The Other Guys
Sony Pictures // PG-13 // August 6, 2010
Review by Tyler Foster | posted August 5, 2010
Highly Recommended

Their latest effort, The Other Guys, is a whole new beast (a lion-eating fish, maybe, or a flying peacock). All of their comedies have major targets beneath the surface (chauvinism, intolerance, and adult immaturity, respectively), but this one ramps its sights up to corporate criminals, and the way the government bends over backwards to let big business get away with whatever it wants. Somehow, Ferrell and McKay pack this weighty, incendiary spitball into a buddy-cop movie and lob it at the screen, and even if I didn't find the end result hilarious, I have to admire the guts -- and straight-up insanity -- required to make and market the results as a Hollywood blockbuster comedy. If someone told me Sony greenlit this film on the cast and action parody premise alone without reading a page of the script, I'd believe it.

Ferrell plays NYPD accountant Allen Gamble, content to sit at his desk doing the stacks of paperwork left behind by city heroes P.K. Highsmith (Samuel L. Jackson) and Christopher Danson (Dwayne Johnson). Sitting across from him is his unhappy partner Terry Hoitz (Mark Wahlberg), who desperately wants to get out on the street and do some real policework, who gets his opportunity (and forces Allen along) when Highsmith and Danson are unexpectedly sidelined. The pair quickly latch onto a scheme involving a lack of scaffolding, $32 billion in lottery money, and a suspicious businessman named David Ershon (Steve Coogan), but resistance actually comes from inside -- the captain (Michael Keaton) and fellow cops Martin (Rob Riggle) and Fosse (Damon Wayans Jr.), intent on stepping into Highsmith and Danson's shoes.

Both of the film's lead roles are fairly one-note (Ferrell dithers, Wahlberg yells), but the plot itself and the script's numerous distractions from it become escalatingly ludicrious. McKay finds the farthest beach from comedy islands inhabited by Tim and Eric and The State/Stella, and dips his toe into them, giving an otherwise standard Ferrell vehicle the perfect comic twist. Before they step aside for Gamble and Hoitz to take center stage, Highsmith and Danson's send-off is just plain amazing, as is the supremely silly fight that ensues just a few minutes later. Keaton is also one of the movie's secret weapons, commanding every single one of his scenes with expert timing and delivery. That The Other Guys (and his equally good work in Toy Story 3) could theoretically resurrect his career is a worthwhile achievement in and of itself.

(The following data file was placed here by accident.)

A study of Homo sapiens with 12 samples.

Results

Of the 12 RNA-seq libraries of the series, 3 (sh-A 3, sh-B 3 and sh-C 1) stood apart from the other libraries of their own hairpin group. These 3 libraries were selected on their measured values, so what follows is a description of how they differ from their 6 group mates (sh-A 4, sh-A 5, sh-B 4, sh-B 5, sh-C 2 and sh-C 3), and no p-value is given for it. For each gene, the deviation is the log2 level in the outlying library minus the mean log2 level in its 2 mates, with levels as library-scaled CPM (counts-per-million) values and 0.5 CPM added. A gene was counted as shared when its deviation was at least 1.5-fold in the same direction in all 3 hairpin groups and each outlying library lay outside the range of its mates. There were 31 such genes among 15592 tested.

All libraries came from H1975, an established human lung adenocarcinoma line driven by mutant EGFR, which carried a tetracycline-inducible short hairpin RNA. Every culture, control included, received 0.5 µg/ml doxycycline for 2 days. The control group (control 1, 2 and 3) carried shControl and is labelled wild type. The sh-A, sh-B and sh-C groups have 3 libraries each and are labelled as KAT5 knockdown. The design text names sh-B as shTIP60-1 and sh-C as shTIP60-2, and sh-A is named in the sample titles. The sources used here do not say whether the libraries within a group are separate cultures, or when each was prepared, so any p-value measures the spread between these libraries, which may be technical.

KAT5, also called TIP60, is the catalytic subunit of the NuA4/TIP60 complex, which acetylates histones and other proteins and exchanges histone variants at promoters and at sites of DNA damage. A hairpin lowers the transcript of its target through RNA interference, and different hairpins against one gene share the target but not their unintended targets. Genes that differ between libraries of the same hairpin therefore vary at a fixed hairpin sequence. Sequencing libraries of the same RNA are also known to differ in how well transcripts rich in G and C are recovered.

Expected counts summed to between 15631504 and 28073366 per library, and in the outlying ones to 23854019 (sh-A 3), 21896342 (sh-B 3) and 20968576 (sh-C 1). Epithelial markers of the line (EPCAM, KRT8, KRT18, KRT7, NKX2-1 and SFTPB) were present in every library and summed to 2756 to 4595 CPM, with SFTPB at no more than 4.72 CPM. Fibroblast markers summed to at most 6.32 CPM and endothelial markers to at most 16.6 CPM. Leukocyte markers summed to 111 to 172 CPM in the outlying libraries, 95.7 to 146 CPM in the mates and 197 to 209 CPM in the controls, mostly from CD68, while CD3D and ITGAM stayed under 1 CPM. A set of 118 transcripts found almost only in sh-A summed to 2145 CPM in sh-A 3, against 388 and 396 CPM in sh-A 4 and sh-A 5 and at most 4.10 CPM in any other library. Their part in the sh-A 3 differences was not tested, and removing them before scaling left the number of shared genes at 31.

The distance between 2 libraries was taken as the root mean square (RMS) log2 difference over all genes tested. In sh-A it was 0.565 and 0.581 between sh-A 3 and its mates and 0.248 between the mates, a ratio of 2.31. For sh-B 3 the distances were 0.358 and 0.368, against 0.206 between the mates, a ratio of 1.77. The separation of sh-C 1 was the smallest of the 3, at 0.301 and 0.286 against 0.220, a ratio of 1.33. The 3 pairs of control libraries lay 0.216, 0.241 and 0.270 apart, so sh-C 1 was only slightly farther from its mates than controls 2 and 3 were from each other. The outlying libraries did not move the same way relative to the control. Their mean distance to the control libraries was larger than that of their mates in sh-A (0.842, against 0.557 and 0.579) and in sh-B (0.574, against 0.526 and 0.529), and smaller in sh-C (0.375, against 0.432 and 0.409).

Beyond that, McKay has grown as a director. 75% of the film is pretty straightforward, but there are little capsules of flair, like a drinking binge shot like the popular Adam Berg Philips ad where the camera roves through a moment in a bank robbery as if it's a 3D photograph. McKay also stages the action scenes with surprising clarity (yet another vivid illustration of why quick-cut action in movies pales in comparison), and there are at least one or two moments of flat-out comic genius. The first is simple: a brilliantly edited sequence in which Coogan bribes Ferrell and Wahlberg with tickets to events, but the other, a story about Allen's college days, has a slow build that borders on miraculous and perfect delivery on Ferrell's part. Had it been an SNL sketch, it might rank among the five best sketches he'd ever done.

I walked out of The Other Guys not knowing what to make of it, and I've spent all of today feeling like it was a quantum leap forward. On the surface, I admit I didn't laugh any more or less than I did at Ferrell/McKay's other films (well, maybe a little), but there's such a willingness to try and do anything here that it feels almost anarchic. I've seen plenty of funny comedies in the last few years, but this is the first one I felt was risky, almost as if the film was living off of its own sense of recklessness. If Ferrell and McKay can keep making movies that capture that attitude while continuing to push the envelope forward, that's something I can get behind. And it's got a great Alex Rodriguez joke, to boot.